By William Madouk
At least two remand inmates have reportedly passed away in Juba Central Prison without getting even their single day in court for a fair trial.
Mr. Nicola Nyieth Kon, an inmate, speaking on behalf of the rest, revealed that the two were held in custody awaiting trial which delayed for too long until they died before getting justice.
Mr. Kon identified one of the deceased inmates as Emmanuel Sule, who was charged with stealing goats under Section 293 of the Panel Code.
He added that late Sule was remanded in the prison for almost seven months until he fell sick and died.
According to the inmate, when Sule’s sickness was reported to the responsible authorities, they refused to let him be taken to the hospital until the deceased inmate breathed his last.
“He was taken on June 12, 2023, and now he is dead,” Kon said on Thursday.
Mr. Kon, who was bitter about delayed trials, said another prisoner, identified as Moses Abraham John, was supposed to be charged with stealing a lumbering machine worth SSP 300,000, also died in jail.
According to him, the late Moses spent two years without being produced before court, until his demise due to illness.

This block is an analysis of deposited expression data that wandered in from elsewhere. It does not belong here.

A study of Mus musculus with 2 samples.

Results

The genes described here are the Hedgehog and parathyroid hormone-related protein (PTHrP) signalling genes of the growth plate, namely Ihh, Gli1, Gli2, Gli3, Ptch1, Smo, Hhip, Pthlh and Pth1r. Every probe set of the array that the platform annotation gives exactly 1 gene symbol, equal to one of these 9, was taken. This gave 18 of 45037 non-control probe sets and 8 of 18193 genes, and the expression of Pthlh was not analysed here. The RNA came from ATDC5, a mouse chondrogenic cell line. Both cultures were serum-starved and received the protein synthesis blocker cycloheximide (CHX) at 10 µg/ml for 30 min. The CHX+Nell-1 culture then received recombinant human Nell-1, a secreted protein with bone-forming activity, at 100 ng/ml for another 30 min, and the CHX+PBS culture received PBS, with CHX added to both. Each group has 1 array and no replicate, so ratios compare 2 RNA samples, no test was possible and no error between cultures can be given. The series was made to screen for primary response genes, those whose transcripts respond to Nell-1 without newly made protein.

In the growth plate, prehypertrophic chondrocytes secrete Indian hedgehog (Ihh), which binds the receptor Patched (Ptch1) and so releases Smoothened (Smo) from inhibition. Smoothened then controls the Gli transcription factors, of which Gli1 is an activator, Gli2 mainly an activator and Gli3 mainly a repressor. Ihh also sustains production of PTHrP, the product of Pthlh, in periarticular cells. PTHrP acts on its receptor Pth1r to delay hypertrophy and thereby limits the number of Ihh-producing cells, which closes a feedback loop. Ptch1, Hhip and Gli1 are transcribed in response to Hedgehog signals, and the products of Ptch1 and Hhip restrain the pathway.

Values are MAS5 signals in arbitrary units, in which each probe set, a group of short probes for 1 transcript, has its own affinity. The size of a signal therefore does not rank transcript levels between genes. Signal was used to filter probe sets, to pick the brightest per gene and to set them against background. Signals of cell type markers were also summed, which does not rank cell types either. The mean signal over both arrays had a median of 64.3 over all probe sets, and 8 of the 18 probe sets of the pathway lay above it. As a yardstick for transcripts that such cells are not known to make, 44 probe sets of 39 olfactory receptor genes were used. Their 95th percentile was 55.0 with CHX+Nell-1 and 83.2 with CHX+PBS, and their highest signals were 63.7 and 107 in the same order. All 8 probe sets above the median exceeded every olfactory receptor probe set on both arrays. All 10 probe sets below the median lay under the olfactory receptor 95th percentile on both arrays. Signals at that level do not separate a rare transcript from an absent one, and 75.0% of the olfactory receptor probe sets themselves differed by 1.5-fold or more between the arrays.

“He stayed in prison for 2 years; when he became sick, he was taken to the hospital but unfortunately died there,” Kon lamented.
Inmate Kon noted that an investigator responsible for late Moses’ file failed to report the death to the bereaved family, which did even receive the corpse.
He said inmates, instead contributed money to pay the mortuary bill and give a decent burial their deceased colleague.
“Every remand contributed SSP 1,000 from their pocket money for our brother,” he added.
He argued that those who are currently in prison cells are not criminals because they are poor and can’t afford to bribe prosecutors and interrogators, adding that the real criminals are outside.
“We have laws, and nobody is above the law, but our laws nowadays are in our hands and pockets,” he continued.
Kon also complained that one remand inmate is in the prison ward for owing the accuser SSP 30,000; in the process, he was forgiven by the accuser, but an investigator kept him in detention till he paid him SSP 50,000.
“Somebody who can’t pay SSP 30,000, where will he get SSP 50,000?” he queried.
He added that some prisoners are still lockup because investigators ask them to pay bribes which they cannot afford.